But, emotions weren't a popular topic in her Los Angeles household, she said, so, she repressed them and used alcohol, drugs and self-harm as coping mechanisms.

Today, she helps children in Pittsfield find a better way.

A program that Bridges runs has partnered with the Pittsfield Public Schools and the Berkshire District Attorney's Office to pilot a program called Tuned Transitions.

The three-month effort is providing what's known as "social and emotional learning" to 24 students and families at Conte Community School and Morningside Elementary School.

The partnership was made possible by a $25,000 grant the DA's office received from the Massachusetts Probation Service, District Attorney Andrea Harrington said Wednesday at a news conference at Conte.

Students in the program, which began this month, have access to two half-hour virtual coaching sessions each week. Harrington said she has seen firsthand how virtual learning has affected children.

"What we are going to need to do in order to support our children through these difficult times is to pour money and resources into social and emotional learning for children," Harrington said.

It wasn't until her early 20s that Bridges attended group therapy, where, she said, she was surprised to find people who understood what she had been through.

Wanting to share similar experiences with children, Bridges went on to become a mental health advocate and founded Building Bridges SEL. She provides social and emotional coaching to teach kids healthy coping skills to respond to distressing life events.

"I realized the way for me to get through these emotions was to share," she said. "That realization gave me the space not only to share what I felt, but to have that feeling be validated. So, that's really what this program is all about."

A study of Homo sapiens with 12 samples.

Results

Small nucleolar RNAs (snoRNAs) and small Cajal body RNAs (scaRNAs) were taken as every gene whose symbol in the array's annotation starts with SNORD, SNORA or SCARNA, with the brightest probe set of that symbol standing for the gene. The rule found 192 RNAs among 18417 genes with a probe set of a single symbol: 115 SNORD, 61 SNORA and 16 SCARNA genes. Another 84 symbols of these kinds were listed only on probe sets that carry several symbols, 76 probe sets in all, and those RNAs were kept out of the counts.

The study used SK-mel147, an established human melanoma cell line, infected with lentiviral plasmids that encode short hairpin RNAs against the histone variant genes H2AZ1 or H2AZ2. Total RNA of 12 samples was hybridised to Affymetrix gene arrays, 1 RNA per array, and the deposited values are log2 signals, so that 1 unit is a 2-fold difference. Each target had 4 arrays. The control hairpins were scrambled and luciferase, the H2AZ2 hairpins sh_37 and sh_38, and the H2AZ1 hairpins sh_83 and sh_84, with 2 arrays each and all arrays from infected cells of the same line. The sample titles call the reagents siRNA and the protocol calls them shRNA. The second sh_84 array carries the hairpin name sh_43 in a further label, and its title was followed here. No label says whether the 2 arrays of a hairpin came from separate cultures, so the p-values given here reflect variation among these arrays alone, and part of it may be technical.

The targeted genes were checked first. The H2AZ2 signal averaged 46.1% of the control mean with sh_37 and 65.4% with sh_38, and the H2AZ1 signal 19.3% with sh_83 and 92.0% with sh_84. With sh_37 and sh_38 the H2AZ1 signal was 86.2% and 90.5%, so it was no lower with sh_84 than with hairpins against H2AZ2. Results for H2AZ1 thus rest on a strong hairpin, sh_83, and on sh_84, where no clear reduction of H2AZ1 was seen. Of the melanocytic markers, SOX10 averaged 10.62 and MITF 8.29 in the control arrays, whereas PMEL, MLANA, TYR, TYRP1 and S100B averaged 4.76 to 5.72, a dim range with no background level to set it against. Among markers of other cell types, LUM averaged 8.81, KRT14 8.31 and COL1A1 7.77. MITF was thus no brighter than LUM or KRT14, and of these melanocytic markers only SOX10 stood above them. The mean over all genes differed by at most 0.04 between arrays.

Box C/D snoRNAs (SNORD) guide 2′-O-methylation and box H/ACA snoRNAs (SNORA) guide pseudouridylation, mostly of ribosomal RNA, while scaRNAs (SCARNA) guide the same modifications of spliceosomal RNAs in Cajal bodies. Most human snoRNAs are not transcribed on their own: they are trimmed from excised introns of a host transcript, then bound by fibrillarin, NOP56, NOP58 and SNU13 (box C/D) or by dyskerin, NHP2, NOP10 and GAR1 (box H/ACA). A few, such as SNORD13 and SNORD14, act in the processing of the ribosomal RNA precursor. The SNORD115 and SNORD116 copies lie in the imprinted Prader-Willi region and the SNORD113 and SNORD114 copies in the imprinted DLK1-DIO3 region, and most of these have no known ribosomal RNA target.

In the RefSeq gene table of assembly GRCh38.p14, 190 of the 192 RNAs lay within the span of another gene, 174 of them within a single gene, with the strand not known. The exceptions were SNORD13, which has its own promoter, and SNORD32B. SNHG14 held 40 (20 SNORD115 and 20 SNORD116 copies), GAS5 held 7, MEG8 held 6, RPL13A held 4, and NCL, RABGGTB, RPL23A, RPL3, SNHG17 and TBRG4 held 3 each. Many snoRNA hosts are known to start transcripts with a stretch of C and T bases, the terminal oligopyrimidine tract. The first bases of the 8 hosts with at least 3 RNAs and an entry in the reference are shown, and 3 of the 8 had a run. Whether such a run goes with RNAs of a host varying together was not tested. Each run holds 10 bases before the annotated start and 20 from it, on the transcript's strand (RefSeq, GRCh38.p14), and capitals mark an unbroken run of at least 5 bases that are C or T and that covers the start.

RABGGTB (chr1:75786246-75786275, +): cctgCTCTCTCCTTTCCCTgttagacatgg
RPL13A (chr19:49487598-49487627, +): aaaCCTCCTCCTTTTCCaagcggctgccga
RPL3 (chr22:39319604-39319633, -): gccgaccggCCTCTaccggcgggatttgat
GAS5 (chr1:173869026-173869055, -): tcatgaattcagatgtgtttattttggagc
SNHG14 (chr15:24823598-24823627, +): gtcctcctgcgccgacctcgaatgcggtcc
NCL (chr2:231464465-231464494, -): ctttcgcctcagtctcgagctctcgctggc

Wednesday's announcement drew a variety of local officials, including Mayor Linda Tyer, School Committee Chair Katherine Yon, Superintendent Jason McCandless, Conte Principal Kerry Light, Morningside Principal Monica Zanin and William "Bill" Ballen, executive secretary of the Berkshire County Superintendents' Roundtable.

Pamerson Ifill, the state's deputy commissioner of pretrial services, told the gathering that after working for 32 years in the criminal justice system, 11 of them with juveniles, he has seen what happens to young people caught in the system.

It becomes, he said, an "intractable journey where they can't really extricate themselves."

"It becomes a much more difficult issue if they get deeper into the system," Ifill said.

He called the funding for Bridges' curriculum "seed funding to see what is possible."

"You all are really working with children who are living at the margins, who, if not for you and the school system and the work that you do ... would end up deeper into the criminal justice system," he said.

New focus

More of a focus has been placed on social and emotional learning over the past several years, said Light, the Conte principal. But, just as some students require more educational support than other students, "the same is true for SEL needs of students."

"This is the piece that is missing in most schools nowadays; there's not enough resources and not enough support. That is the intention of this Tuned Transition program," Light said.

Light hopes the program will continue on after the pilot.

"This has to be sustainable, and it has to be in the future for these kids and these families," Light said.

Zanin, the Morningside principal, said she and Light have been working to prioritize social and emotional learning for some time, and thanked Bridges for her work.

Zanin said Bridges reached out to her in January to start this work. The timing of the program's launch is ideal, she said. Over the past six months, she has seen how children are craving connection and families are in need of help.

"At this uncertain time, where disparities are widening across our community, our elementary children need targeted emotional support," she said.

Amanda Burke can be reached at, on Twitter @amandaburkec and 413-496-6296.